Students Raise Rare Turtles to Boost Wild Populations

 Bristol County Agricultural High School students are an integral part of research projects designed to increase the local populations of threatened turtles. (Todd McLeish/ecoRI News photos)

Bristol County Agricultural High School students are an integral part of research projects designed to increase the local populations of threatened turtles. (Todd McLeish/ecoRI News photos)

By TODD McLEISH/ecoRI News contributor

DIGHTON. Mass. — On one side of a large greenhouse behind the Bristol County Agricultural High School are a dozen shallow plastic tubs, each containing a few inches of water, some artificial vegetation and several rare Blanding's turtles. A similar lineup of tubs, but with much less water, contain equally rare wood turtles. And four 60-gallon pools hold federally endangered Plymouth red-bellied cooters.

All of the turtles are less than a year old, and all are part of research projects designed to boost their populations by raising hatchlings in captivity for their first year until they are less vulnerable to predation. After a year in captivity, the animals are returned to the wild.

The effort is called “head-starting” the turtles. The Massachusetts Division of Fisheries and Wildlife (MassWildlife) has been head-starting cooters since 1984 by collecting hatchlings at the few ponds where they live in Plymouth County and having them raised at science centers around the state. Students at Bristol Aggie got involved six years ago, and this year they are raising 66 cooters in a partnership with MassWildlife and the U.S. Fish & Wildlife Service.

“They’re easy to raise, so it’s gone very well,” said Brian Bastarache, a teacher in the high school’s Natural Resource Management program. “We have some issues with a shell infection this year that we haven’t had to deal with before, but it’s a disease only found in captive turtles, and we expect it will clear up once they’re released.”

 Blanding’s turtles are rare throughout most of their range in the central and eastern United States due to habitat fragmentation and nest predation.

Blanding’s turtles are rare throughout most of their range in the central and eastern United States due to habitat fragmentation and nest predation.

Head-starting of young turtles has a somewhat controversial history, according to Bastarache, so the Blanding’s turtle project is designed to put the controversy to rest.

“Some biologists have concerns that head-starting sounds good in principle but isn’t effective in reality,” he said. “This Blanding’s experiment is to determine if it does improve population recruitment, as opposed to just making us feel good that we’re doing something. What’s different with this project is that the turtles will have an intensive post-release monitoring, and the larger ones will get a radio transmitter so they can be tracked.”

Blanding’s turtles are quite rare throughout most of their range in the central and eastern United States and Canada due to habitat fragmentation and nest predation. They are unusual in that they show no signs of aging and can remain active, healthy and continue to reproduce for more than 80 years, assuming they reach maturity. The head-start program aims to help them do so.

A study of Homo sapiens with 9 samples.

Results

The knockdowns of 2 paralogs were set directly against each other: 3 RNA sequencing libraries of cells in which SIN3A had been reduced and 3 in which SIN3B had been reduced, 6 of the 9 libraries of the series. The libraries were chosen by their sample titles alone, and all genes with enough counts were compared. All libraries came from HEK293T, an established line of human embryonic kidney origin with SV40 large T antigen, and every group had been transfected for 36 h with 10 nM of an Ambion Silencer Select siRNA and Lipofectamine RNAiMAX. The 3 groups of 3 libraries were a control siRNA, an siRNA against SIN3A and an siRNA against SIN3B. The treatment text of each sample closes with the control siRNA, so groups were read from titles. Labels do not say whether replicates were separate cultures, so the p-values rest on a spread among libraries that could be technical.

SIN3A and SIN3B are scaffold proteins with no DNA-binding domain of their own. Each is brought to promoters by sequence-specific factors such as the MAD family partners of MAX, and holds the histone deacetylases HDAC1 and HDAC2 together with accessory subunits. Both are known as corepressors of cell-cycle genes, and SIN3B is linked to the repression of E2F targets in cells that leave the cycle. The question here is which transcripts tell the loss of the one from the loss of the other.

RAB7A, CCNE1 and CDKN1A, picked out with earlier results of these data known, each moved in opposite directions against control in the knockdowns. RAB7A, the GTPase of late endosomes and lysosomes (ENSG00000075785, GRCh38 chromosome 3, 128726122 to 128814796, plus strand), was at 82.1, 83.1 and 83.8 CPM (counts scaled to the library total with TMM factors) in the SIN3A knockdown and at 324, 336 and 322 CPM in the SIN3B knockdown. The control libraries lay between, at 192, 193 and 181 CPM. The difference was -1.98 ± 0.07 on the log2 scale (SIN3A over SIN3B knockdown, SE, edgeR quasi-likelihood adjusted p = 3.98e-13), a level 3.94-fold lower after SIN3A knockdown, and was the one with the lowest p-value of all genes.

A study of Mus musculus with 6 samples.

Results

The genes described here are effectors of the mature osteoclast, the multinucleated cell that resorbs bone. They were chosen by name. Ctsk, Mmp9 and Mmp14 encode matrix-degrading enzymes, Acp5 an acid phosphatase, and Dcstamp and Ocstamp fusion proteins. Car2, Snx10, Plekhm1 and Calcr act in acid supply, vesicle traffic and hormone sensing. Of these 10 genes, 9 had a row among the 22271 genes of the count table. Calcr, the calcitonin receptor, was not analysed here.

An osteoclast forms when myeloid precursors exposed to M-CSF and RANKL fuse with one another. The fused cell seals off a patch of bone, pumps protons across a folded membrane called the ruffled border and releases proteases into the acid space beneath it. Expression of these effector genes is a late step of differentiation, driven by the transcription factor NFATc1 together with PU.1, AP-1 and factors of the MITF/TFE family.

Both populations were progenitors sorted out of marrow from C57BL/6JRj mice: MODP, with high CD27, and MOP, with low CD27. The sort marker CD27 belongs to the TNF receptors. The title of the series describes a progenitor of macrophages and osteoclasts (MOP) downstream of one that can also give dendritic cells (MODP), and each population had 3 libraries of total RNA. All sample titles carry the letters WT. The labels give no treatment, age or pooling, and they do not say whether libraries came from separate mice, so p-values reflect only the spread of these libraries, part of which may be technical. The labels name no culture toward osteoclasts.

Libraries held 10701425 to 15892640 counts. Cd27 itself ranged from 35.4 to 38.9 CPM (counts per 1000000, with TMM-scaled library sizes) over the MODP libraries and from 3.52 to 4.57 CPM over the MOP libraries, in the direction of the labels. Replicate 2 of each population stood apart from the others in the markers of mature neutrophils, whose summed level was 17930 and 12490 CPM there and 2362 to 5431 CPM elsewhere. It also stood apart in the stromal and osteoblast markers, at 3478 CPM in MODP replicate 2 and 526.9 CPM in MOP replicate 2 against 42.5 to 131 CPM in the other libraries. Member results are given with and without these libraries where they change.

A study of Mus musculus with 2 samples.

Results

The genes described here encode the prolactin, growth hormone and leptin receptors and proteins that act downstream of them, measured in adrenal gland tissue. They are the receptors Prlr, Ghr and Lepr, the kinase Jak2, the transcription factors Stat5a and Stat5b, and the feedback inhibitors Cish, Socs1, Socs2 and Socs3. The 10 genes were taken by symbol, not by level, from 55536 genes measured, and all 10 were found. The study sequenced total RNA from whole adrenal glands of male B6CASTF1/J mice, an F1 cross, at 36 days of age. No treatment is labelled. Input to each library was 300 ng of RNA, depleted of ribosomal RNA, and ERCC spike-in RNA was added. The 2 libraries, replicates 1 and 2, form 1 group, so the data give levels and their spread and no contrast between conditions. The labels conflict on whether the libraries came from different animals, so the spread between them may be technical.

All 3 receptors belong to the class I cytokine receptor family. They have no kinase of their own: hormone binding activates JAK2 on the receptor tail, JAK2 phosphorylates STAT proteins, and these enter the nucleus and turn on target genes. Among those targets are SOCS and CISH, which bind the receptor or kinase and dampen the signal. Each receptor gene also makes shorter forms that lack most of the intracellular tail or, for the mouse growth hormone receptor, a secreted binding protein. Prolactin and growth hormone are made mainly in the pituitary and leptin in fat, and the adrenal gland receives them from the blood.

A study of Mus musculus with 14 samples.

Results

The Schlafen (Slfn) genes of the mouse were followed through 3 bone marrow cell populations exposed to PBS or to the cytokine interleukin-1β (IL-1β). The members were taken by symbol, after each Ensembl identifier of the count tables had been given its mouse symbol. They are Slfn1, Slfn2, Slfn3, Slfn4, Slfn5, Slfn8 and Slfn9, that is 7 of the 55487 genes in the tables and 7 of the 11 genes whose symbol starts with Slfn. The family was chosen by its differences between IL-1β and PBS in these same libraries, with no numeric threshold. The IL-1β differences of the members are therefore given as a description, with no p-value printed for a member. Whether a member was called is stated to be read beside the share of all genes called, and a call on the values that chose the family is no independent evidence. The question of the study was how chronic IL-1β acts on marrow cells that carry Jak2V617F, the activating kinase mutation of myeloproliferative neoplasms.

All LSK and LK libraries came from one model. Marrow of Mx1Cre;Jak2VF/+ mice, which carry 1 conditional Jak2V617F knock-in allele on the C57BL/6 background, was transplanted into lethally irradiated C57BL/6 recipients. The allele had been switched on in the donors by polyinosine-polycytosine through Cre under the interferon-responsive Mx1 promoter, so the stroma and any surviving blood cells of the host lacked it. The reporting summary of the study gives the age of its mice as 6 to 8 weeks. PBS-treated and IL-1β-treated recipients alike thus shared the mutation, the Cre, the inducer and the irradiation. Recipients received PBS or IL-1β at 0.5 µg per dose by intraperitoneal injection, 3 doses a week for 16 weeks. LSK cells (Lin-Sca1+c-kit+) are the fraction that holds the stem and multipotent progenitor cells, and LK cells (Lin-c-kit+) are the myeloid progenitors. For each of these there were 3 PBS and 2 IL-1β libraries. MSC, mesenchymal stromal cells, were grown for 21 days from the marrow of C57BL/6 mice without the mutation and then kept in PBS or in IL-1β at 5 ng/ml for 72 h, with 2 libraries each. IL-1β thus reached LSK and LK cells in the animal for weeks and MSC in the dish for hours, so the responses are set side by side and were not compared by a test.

During a recent tour of the Bristol Aggie head-start facility, about 20 sophomores were attending to the Blanding’s turtles, weighing and measuring each one and sorting them by size.

 The students weigh, measure and sort the Blanding’s turtles by size.

The students weigh, measure and sort the Blanding’s turtles by size.

“They’re very slow growing, so you don’t really notice their growth until you look at the data,” said student Wyatt Rego of Swansea. “They have different growth rates based on their metabolism and competition for food, so we sort them by size so the smaller ones aren’t competing for food with the big ones.”

Rego said the turtle project is one reason he enrolled at Bristol Aggie.

“You’re actually doing something, not just being in school and learning,” he said. “We’re actually helping in a government program to get something done.”

Fellow student Abigail Bruno agreed. “I’ve always had a love for nature and natural resources, so getting into this program was a natural thing,” said the Rehoboth resident. “I’ve always been interested in turtles — I have a pet tortoise at home — and I like the idea of helping out endangered species.”

Bastarache said the project teaches his students how to care for and study rare turtles by following strict scientific and safety protocols and they also learn to work independently and as teams.

“They all really want to be here,” he said. “They’re learning project management, communication with team members, and the ability to assess a problem and take actions to address it. This time of year, I stand in the corner and let them run the show so they can develop those professional and survival skills. They’re also learning how to apply computer skills and math skills.”

Nine years into a 10-year study of the head-starting of Blanding’s turtles has already shown that the effort is worthwhile. Survival of the turtles that spend their first year in captivity and safe from predators is much greater than those that spend that first year in the wild. A detailed analysis of the project’s results will be completed after the final year of the project, in 2019.

In May, the year-old Blanding’s turtles raised at Bristol Aggie will be released at the Assabet River National Wildlife Refuge in Sudbury, and Bastarache’s students will be there to wish the animals well.

While the turtle project will continue with a new batch of hatchlings next year, Bristol Aggie will launch a new partnership with Roger Williams Park Zoo this fall in which the students will also raise rare New England cottontails for release throughout the region.

Rhode Island resident and author Todd McLeish runs a wildlife blog.